President Obama's "precision medicine" initiative is aimed at collecting genetic data on 1 million Americans in a bid to advance personalized medicine.
President Barack Obama is asking Congress for $215 million to sequence the genomes of 1 million Americans and help develop a new generation of medicines, part of a sweeping plan to accelerate biomedical R&D.
Aspire Bariatrics has nabbed a $12 million loan facility from Hercules Technology Growth Capital to wrap up its ongoing U.S. pivotal trial and submit a PMA in mid-2015. The company hopes to launch its stomach content-aspirating product in the U.S. in early 2016.
Spark Therapeutics, at work on one-time treatments for rare diseases, pulled off a $161 million IPO, pricing above its range and keeping biotech's Wall Street hot streak rolling.
Astellas Pharma is teaming up with biotech Immunomic Therapeutics on a vaccine that could relieve a common allergy that affects millions in its native Japan.
Roche is teaming up with Qualcomm to develop a next-generation remote patient monitoring system, expanding its point-of-care offerings and giving the company a boost as it recoups from a mixed bag of 2014 earnings.
Quest Diagnostics inked a deal with the Centers for Disease Control and Prevention (CDC) to improve screening, diagnosis and treatment for four strains of viral hepatitis in the U.S., expanding on a previous collaboration and giving the company a boost as it continues to restructure and restore revenue growth.
President Barack Obama's plot to bolster personalized medicine research would lean heavily on a planned bank of patient genetic information, Science magazine reports, pooling existing databases to create a huge R&D utility. But the promise of a so-called Precision Medicine Initiative has left some scientists cold, hearkening back to overblown efforts past.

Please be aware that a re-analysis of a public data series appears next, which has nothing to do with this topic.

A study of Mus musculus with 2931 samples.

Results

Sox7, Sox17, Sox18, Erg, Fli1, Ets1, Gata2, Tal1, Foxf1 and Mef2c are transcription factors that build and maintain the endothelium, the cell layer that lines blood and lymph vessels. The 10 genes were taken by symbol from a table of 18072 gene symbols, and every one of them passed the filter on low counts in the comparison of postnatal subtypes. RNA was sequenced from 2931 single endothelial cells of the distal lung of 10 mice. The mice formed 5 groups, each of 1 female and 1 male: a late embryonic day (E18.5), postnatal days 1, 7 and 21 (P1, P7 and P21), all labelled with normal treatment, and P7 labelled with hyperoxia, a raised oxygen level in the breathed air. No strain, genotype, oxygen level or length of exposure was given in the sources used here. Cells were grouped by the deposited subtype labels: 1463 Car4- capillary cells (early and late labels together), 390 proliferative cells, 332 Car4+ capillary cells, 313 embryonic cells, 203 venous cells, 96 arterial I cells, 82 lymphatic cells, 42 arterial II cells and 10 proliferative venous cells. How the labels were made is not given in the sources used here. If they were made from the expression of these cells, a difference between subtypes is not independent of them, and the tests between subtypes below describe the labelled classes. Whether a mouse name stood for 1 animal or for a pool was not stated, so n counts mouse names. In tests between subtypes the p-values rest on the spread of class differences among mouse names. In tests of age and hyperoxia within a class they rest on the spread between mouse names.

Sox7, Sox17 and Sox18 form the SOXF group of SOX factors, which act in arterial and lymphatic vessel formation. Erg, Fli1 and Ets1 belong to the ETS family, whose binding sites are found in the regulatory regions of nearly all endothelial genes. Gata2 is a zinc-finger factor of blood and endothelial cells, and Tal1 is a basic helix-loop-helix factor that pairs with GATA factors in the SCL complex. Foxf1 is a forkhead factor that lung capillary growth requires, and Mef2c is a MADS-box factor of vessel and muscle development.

In a broad-ranging slate of tech collaborations, AstraZeneca is allying itself with several top research institutions to hone its ability to apply CRISPR gene editing techniques to its drug development work. And the pharma giant used this alliance to pick some of the best brains in the business, without turning to any of the pioneers who have recently spawned a lineup of upstart biotechs.
AnaMar has rejigged its pipeline priorities after digging through the data from its failed Phase IIa trial. The trial missed its primary endpoint of reducing pain in people with mild to moderate osteoarthritis pain, but a post hoc subgroup analysis has persuaded AnaMar it was trialling the right drug in the wrong indication.